Transferring from Dartmouth
While Dartmouth consistently ranks at the top of the list in surveys gauging student satisfaction, a small number of students decide to transfer to other colleges and universities each year.
Students who transferred cited different reasons ranging from displeasure with the College's location to financial considerations.
Hollister Leopold, now a Harvard sophomore, cited worries about her major as the main reason she transferred from Dartmouth last year.
Leopold, a music major, said she felt the music environment at Dartmouth lacking.
"Dartmouth is very isolated and there aren't to many options for people interested in music in Hanover," Leopold said.
"The music program is much more theoretical [at Harvard] and the music theory professors are wonderful," she said.
In Cambridge, Leopold said she has the option of going to concerts and participating in more music-orientated activities than she did at Dartmouth.
Leopold added that during her freshman year at Dartmouth, the only musical group she participated in, the Franciscan Quartet, disbanded after problems with its director.
Leopold, who applied early-decision to Dartmouth, described the events that brought her to Dartmouth originally as a "total fluke."
"Even during my first visit here, it was raining and cloudy, but the campus was beautiful, and I decided why not come here," Leopold said.
Assistant Dean of Freshmen Anthony Tillman said the most significant reason students give him for transferring is Dartmouth's environment.
"People from urban backgrounds may find Dartmouth too isolated," Tillman said. "Some may want to be closer to home, in much more metropolitan areas."
Tillman said most freshman who mention an interest in transferring from Dartmouth end up doing so.
He cited the University of Pennsylvania, Yale, Harvard, Georgetown and Stanford as some of the schools freshman consider transferring to.
Charlotte Chan, presently a junior at Harvard, transferred out of Dartmouth after her freshman year when she found Hanover "too small and enclosing."
Chan, who is from Hong Kong, enjoyed spending a post-graduate year at Choate Rosemary Hall in Connecticut and said she thought Dartmouth's small and tranquil environment was reason enough for her to apply to Dartmouth.
But she said she soon discovered she wanted a more urban and diverse atmosphere.
"Now I am much more happy and there are many more options than there were at Dartmouth," Chan said.
All the students interviewed cited Dartmouth's social scene high on their list of reasons for transferring. From "suffocating" to "narrow," transfer students and transfer candidates agreed that Dartmouth's social options need improvement.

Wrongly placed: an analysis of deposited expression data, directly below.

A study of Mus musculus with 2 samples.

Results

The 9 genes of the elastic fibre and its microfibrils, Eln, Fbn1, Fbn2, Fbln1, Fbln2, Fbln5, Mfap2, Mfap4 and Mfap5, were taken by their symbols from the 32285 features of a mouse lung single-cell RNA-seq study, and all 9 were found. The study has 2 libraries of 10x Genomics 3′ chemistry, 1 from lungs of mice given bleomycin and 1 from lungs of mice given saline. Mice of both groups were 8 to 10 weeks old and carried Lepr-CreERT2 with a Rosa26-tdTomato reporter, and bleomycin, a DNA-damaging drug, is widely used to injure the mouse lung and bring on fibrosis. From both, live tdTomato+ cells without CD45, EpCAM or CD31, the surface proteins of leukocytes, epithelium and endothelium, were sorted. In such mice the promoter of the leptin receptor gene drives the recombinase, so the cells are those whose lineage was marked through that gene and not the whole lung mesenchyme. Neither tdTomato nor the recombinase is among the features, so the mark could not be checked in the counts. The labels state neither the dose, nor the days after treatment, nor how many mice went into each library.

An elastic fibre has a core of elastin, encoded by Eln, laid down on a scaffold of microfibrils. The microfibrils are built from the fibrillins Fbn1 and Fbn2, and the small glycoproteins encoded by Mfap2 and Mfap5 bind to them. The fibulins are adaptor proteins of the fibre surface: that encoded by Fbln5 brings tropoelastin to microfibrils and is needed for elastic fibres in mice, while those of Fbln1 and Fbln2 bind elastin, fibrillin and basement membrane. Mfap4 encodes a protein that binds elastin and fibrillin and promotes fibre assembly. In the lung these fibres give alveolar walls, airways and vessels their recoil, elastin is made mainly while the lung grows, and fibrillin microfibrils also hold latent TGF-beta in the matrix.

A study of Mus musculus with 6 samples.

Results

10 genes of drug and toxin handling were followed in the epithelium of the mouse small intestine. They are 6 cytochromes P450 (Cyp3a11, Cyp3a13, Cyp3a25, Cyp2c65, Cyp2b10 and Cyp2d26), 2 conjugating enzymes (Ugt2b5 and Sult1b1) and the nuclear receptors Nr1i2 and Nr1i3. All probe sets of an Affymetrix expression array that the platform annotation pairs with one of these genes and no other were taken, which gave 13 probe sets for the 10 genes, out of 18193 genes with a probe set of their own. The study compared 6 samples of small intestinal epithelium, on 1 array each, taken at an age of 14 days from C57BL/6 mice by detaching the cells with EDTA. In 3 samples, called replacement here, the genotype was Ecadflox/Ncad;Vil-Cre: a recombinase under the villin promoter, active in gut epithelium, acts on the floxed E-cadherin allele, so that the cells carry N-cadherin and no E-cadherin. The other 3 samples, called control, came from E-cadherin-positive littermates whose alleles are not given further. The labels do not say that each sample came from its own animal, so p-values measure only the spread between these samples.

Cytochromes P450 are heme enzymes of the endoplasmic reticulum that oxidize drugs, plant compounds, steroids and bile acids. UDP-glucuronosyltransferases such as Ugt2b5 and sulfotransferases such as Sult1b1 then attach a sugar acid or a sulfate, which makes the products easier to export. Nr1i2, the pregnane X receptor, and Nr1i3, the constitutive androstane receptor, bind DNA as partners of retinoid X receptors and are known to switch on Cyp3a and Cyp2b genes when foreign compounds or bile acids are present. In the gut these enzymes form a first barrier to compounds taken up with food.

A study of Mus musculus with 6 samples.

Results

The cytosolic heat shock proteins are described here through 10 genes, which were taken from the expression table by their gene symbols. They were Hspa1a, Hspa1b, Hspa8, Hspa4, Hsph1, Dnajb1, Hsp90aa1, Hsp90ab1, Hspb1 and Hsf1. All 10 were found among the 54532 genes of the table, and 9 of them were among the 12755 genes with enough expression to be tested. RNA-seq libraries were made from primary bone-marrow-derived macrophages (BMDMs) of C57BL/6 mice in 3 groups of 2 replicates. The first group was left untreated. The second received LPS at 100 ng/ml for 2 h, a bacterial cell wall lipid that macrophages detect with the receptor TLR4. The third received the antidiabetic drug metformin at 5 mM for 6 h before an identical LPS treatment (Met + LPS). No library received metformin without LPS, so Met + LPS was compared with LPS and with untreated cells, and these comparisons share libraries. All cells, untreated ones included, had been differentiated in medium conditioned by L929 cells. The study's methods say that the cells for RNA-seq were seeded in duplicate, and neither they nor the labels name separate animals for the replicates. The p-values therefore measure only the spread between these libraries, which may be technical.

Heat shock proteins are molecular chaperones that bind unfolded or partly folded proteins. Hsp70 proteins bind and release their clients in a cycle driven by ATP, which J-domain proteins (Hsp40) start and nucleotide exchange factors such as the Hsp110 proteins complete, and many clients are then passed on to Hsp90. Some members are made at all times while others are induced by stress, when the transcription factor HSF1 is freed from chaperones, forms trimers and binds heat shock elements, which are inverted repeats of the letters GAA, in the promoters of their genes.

A Dartmouth sophomore who wants to transfer to Harvard and asked to remain anonymous cited many reasons behind his decision to leave Hanover, but said the College's social options were the most important.
Despite a healthy grade-point-average, good and established friendships and participation in a varsity sport, the student said he could not see himself participating in the fraternity system. "I feel very out of it," he said.
Coming from a major city and having been exposed to many diverse elements, the student, who is white, says he has asked himself how minority students can deal with such Dartmouth's relatively homogeneous environment.
But despite the fact he is only days away from receiving a response from Harvard, the student said he now feels very unsure about transferring.
"I have so many things on my mind that I really don't know what I am going to do," he said.
Since submitting his transfer application, the student admitted he has thought a lot about his situation at Dartmouth. "I really don't know if the problem is me personally or the school."
"I have taken many good courses recently, and transferring now, leaving such a good academic record, seems like a difficult decision to make," he said.
Rosemary Green, coordinator of transfer admissions at Harvard, said there is no different set of criteria for transfer students.
"We are looking for strong academic standing and strong potential in prospective transfer applicants," Green said.
According to Green, Harvard receives approximately 1,100 transfer applications each year. Harvard admits 135 candidates, and 120 eventually matriculate. "Our transfer yield is very high," Green added.
According to Green, Harvard asks transfer candidates for a statement explaining why they are choosing Harvard.
Green said that an overwhelming number of students cite academic consideration and quality of life issues as their reason for applying to Harvard.
For most of the students interviewed, adjustment to a new school and a new environment came without difficulty. Most schools, including Harvard, design special orientation programs for incoming transfer students, which even include tours of the surrounding urban area.
However, entering a school late did make her feel awkward, Leopold said. "It's hard at first, but eventually you make your own friends through classes or activities. You eventually fall into your group of friends," she said.
"Once you're a sophomore at Harvard, it's like being a freshman all over again, since you are placed to meet upperclassmen you normally don't meet as freshman," said Brent McGuire, a Dartmouth student who transferred to Harvard .
McGuire said he was happy with his switch. "Despite what people tell you, the professors at Harvard are accessible, but certainly at Dartmouth, one can have much more intimate relationships with professors," McGuire said.